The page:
In Fracture, critically acclaimed historian Philipp Blom argues that in the aftermath of the First World War, citizens of the West directed their energies inwards, launching into hedonistic, aesthetic and intellectual adventures of self-discovery. It was a period of both bitter disillusionment and visionary progress. From Surrealism to Oswald Spengler's The Decline of the West; from Fritz Lang's Metropolis to theoretical physics, and from Art Deco to Jazz and the Charleston dance, artists, scientists and philosophers grappled with the question of how to live and what to believe in a broken age.

Morbid symptoms emerged simultaneously from the decay of the First World War: progress and innovation were everywhere met with increasing racism and xenophobia. America closed its borders to European refugees and turned away from the desperate poverty caused by the Great Depression. On both sides of the Atlantic, disenchanted voters flocked to Communism and fascism, forming political parties based on violence and revenge that presaged the horror of a new World War.

Vividly recreating this era of unparalleled ambition, artistry and innovation, Blom captures the seismic shifts that defined the interwar period and continue to shape our world today.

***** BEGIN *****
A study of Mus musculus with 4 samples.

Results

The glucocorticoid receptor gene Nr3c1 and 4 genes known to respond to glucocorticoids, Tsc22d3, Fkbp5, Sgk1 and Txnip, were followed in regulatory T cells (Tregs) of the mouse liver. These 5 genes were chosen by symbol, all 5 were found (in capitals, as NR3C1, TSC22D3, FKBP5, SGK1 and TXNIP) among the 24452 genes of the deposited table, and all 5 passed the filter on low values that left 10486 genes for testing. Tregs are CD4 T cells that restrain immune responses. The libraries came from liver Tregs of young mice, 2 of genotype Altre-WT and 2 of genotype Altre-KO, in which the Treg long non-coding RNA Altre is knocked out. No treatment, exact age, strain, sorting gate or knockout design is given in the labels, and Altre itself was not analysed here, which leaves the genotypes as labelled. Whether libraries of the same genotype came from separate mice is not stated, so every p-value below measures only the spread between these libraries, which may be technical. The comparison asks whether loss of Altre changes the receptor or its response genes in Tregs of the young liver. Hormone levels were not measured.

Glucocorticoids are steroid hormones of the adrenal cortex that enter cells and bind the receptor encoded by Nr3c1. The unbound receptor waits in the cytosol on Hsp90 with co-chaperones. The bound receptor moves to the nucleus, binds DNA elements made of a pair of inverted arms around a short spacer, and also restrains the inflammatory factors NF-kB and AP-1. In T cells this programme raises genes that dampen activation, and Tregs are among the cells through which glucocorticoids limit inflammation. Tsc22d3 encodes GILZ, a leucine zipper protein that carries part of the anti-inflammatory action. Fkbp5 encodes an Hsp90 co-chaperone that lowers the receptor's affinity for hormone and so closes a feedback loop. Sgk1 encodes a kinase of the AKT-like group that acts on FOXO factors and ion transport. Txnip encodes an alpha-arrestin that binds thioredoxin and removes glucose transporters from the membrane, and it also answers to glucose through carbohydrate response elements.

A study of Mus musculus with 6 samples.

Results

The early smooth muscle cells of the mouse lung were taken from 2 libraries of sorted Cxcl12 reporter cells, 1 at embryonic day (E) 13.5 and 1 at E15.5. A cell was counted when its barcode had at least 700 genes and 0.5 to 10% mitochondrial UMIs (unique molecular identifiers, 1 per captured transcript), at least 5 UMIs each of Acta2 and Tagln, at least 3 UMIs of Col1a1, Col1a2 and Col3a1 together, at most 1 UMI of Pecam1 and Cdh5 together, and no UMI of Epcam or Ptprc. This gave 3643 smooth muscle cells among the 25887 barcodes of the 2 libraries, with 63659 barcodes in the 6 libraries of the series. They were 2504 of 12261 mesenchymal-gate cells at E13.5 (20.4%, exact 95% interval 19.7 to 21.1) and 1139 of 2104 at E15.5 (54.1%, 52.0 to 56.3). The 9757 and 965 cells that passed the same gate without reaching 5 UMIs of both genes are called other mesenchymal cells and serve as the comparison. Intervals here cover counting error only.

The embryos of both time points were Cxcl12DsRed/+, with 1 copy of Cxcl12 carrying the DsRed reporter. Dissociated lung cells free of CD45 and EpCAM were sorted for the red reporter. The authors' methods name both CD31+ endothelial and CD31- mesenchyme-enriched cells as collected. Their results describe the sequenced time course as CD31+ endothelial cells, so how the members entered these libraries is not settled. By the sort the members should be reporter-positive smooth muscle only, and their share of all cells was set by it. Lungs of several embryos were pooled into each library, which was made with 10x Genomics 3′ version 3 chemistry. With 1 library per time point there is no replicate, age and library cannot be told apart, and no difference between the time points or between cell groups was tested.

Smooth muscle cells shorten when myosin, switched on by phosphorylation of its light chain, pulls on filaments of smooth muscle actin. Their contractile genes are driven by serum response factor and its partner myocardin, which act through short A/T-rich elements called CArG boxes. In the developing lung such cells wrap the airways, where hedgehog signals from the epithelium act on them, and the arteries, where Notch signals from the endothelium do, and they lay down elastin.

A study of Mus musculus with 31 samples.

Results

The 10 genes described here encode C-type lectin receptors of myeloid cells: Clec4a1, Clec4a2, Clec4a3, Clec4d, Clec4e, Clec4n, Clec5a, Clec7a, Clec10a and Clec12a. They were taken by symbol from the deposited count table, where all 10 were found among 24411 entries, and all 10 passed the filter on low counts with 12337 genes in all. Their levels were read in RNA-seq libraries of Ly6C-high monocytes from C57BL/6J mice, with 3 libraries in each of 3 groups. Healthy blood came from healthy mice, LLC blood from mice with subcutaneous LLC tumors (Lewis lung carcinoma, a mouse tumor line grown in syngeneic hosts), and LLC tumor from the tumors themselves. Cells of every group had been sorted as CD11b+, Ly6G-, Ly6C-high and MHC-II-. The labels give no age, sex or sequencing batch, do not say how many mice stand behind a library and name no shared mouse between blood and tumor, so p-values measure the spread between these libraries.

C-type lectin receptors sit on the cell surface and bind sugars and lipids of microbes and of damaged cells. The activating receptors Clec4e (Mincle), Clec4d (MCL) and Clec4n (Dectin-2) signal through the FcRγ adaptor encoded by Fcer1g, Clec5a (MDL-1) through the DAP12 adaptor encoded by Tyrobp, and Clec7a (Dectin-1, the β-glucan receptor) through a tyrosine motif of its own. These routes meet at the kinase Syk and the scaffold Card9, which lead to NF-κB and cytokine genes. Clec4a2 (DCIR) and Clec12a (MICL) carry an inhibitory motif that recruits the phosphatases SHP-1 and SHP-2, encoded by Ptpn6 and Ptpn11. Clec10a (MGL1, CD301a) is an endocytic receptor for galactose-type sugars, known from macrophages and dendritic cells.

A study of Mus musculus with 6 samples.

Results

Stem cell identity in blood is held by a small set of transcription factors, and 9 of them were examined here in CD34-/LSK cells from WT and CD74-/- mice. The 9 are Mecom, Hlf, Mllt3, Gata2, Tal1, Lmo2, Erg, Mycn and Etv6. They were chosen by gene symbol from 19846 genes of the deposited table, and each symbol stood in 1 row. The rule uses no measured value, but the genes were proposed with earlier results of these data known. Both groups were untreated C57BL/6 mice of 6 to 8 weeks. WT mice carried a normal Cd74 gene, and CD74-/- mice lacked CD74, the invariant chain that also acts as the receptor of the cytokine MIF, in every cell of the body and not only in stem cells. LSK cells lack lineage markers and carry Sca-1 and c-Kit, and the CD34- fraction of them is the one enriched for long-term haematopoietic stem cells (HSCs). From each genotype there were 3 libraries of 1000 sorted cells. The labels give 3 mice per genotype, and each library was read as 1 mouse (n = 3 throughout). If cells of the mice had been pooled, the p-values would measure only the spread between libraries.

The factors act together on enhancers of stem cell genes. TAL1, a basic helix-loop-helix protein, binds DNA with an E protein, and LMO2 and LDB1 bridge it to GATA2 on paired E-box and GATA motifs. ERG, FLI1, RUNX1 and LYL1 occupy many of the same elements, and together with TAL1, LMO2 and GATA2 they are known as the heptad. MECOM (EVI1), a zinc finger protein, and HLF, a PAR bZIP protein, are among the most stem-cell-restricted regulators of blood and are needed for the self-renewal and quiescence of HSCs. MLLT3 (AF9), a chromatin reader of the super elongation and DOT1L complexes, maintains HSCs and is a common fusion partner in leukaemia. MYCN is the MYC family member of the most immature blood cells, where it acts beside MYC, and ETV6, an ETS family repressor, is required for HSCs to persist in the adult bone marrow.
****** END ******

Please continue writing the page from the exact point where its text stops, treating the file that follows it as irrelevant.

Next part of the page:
From Publishers Weekly

16 February 2015 – In the beginning of this thoughtful portrait of the interwar years, Blom (A Wicked Company) asks the central question that arose for so many everyday people: after the devastation of WWI, "What values were there left to live for?" Blom is thorough in documenting the many attempts to answer this question, from the noble to the insidious to the tragic. He adeptly roams across topics and locations, including the early stirrings of fascism when the Italian poet D'Annunzio marched on Fiume; H.G. Wells's scathing review of Fritz Lang's film Metropolis; the sickening activism of American eugenics enthusiasts; the wonders of Magnitogorsk, the "Magnet City" built in the Urals; and the growing risk of totalitarian regimes, such as Mussolini's, that pandered to the hopeless and the lost. Dread, paranoia, and anger pervade these stories, and Blom does not shy away from criticizing those who made matters worse, such as George Bernard Shaw, who proclaimed "there is no famine in the Ukraine" after a Soviet-chaperoned visit in the middle of the nightmarish Holodomor. Writing about postwar Vienna, Blom notes that "nobody felt at home," but he could be writing about almost anyone in that era, and this well-written account brings a refreshing clarity to such uncertain times. Illus.
  • Available on iPhone, iPad, iPod touch, and Mac.
  • Category: History
  • Published: 14 April 2015
  • Publisher: Atlantic Books
  • Print Length: 724 Pages
  • Language: English
  • Requirements: To view this book, you must have an iOS device with iBooks 1.3.1 or later and iOS 4.3.3 or later, or a Mac with iBooks 1.0 or later and OS X 10.9 or later.